One Trillion And Climbing- College Debt Bubble

College debt has been treated with very little regard for the day of reckoning by students and parents of college students.  Today the debt balloon stands at over $1 Trillion dollars and climbing on a daily basis. FAFSA and college is for the most part a gigantic loan program that has to be paid back.

College "aid" is not a freebie but more like a big fat line of credit that will have to be paid back upon graduation.  Interest rates run from 3.5% to 8.5% depending on where the loan came from and who the underwriter is.  Another nasty part of college debt is it can't be discharged in bankruptcy.  It will follow you to the grave unless paid off sooner.

Parents and students have bought into the nonsense that it make a huge difference where you get your degree.  The reality is it takes and education as well as someone who knows what to do with their education, good people skills and a host of other things.  The biggest factor is the course of study and will there be a demand for your degree upon graduation.  Liberal Arts may have opened a door 20 or more years ago but today it will qualify you to flip hamburgers.

The critical reality of education is High Schools are College Prep places for the most part.  Colleges have dumbed down college to accommodate and encourage all manner degree programs that have no reasonable odds of employment upon graduation.   Additionally, there are abundant for profit colleges we see on TV who accept anyone willing to sign on the dotted line for the expense of their "college".

A lot of students would be far better off to go to a trade school or community college offering a course of study with a real job waiting upon graduation.  It makes no sense to attend a well known college and come out of the experience with nothing but a huge debt and no prospect of a job to pay back the costs of attending. Two-thirds of college grads come away with a debt of $25k or more.  Many end up moving back in with mom and dad and no job.

Caveat-emptor when it comes to taking on college debt.  There are lots of colleges out there with the intent of doing little more that fleecing parents and students of their money.  $1 Trillion in college debt is the latest bubble out there about to burst.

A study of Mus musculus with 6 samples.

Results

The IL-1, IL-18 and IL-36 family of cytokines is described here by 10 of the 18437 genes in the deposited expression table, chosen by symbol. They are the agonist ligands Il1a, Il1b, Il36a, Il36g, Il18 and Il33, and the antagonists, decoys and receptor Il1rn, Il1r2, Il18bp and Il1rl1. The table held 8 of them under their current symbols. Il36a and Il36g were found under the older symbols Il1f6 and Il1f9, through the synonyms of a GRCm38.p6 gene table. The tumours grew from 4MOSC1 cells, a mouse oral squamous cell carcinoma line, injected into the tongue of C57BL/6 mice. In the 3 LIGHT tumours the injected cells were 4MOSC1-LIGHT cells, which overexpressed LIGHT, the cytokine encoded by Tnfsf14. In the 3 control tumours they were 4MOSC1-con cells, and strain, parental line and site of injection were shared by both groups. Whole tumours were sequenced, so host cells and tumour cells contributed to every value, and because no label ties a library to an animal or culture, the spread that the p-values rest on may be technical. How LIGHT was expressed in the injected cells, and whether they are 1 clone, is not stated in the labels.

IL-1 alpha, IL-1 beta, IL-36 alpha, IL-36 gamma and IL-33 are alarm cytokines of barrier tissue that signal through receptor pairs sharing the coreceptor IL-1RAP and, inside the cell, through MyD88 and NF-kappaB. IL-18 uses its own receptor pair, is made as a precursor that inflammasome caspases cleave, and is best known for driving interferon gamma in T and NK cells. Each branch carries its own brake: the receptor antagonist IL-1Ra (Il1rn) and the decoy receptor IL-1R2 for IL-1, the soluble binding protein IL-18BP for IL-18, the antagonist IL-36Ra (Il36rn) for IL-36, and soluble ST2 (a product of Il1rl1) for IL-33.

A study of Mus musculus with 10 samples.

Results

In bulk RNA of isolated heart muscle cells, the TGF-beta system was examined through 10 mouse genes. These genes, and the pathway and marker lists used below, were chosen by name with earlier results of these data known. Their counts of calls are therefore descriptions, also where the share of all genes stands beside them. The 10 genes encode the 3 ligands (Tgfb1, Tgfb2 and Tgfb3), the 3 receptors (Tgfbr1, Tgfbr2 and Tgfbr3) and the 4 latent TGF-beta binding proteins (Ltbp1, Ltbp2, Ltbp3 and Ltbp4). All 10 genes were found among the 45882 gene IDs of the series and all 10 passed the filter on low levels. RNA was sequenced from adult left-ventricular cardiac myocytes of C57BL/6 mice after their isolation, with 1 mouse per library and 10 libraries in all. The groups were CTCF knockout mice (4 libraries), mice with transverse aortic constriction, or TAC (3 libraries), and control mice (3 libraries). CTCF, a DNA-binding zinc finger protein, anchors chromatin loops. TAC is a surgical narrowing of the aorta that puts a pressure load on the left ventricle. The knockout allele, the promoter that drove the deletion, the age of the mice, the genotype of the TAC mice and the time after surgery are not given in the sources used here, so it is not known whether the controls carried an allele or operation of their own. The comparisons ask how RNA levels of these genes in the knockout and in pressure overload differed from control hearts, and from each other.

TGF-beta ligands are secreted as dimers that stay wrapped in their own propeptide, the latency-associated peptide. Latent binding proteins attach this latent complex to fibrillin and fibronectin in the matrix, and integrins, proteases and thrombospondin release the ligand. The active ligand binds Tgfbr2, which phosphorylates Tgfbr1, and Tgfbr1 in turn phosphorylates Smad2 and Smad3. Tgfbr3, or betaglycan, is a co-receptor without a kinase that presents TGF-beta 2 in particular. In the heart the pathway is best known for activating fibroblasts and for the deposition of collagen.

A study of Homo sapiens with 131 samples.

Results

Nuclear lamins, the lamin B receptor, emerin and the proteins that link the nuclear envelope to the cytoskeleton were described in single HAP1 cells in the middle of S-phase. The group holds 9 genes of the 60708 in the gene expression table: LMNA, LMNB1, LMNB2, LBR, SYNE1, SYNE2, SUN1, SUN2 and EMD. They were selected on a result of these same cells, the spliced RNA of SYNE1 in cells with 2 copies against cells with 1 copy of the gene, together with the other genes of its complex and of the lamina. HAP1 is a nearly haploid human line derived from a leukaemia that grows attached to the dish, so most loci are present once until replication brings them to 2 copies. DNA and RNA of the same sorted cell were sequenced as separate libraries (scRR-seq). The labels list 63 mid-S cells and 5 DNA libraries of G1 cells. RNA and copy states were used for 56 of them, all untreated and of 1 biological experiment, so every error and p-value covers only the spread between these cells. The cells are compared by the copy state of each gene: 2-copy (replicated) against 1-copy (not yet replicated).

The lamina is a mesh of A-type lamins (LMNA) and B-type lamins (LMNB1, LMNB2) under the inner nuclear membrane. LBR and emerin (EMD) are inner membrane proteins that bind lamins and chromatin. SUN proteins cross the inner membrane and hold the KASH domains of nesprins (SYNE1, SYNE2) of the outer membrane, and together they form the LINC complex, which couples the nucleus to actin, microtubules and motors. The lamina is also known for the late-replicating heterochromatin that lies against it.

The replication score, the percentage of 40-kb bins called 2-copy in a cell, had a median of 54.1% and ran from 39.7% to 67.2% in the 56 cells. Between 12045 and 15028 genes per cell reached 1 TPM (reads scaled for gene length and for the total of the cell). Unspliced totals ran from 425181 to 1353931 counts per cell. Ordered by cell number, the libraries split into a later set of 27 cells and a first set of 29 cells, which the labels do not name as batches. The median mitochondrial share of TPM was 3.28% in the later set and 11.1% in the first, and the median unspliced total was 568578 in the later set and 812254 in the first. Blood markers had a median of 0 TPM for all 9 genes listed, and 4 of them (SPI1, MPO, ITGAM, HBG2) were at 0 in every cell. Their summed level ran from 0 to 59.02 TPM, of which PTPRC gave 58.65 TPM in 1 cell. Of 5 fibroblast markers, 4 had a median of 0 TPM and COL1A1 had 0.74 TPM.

One-third of  college grads end up taking jobs that do not require a college degree.

Here's a link to PBS NEED TO KNOW and a very excellent segment on college debt:  young lady in the Need to Know piece ended up with $65K in college debt and the interest meter is ticking.


  1. High costs for college can be explained by all the worthless degree programs. College for no end purpose is a complete waste of time in this era. We are all in a struggle for jobs and if you don't have the right skill set upon graduation you have no one but yourself to blame.

    Most college students study for less than 5 hours a week! I can remember when I went to college the average was about 2 hours of reading and homework for each hour of class. What the hell happened? It got stupified and complacent with profs not demanding excellence and performance. I felt like I had every right to be a failure if I didn't engage in the demand and rigor college demanded back in the day.

  2. The graduates did come out of school with a high degree of "self worth", which gives them a good feeling about themselves while they sit around playing silly computer games on Mom or Dads dime! Or maybe my nephew is the only one doing this.

  3. Yeah, It's just your nephew. My wife got her degree recently. Went from a $12.00 hr job to a $26.00 hr job. Has to commute to Meridian now but hey who cares. I'm happy she finished her associates at TVCC now. With all the bad press they were getting, I was to say the least worried. This kind of vindicates her decision to me now. Couple more years she will have her bachelors and can be a CPA!

  4. It's not simply that students aren't applying themselves. I work out of field not by choice but because I'm too expensive to hire, so I've been told. Ironically, my skill set fits the job advertisement and the bottom end of the advertised pay scale is higher than what I earn now. I can only figure that companies only look at costs or hire through networking.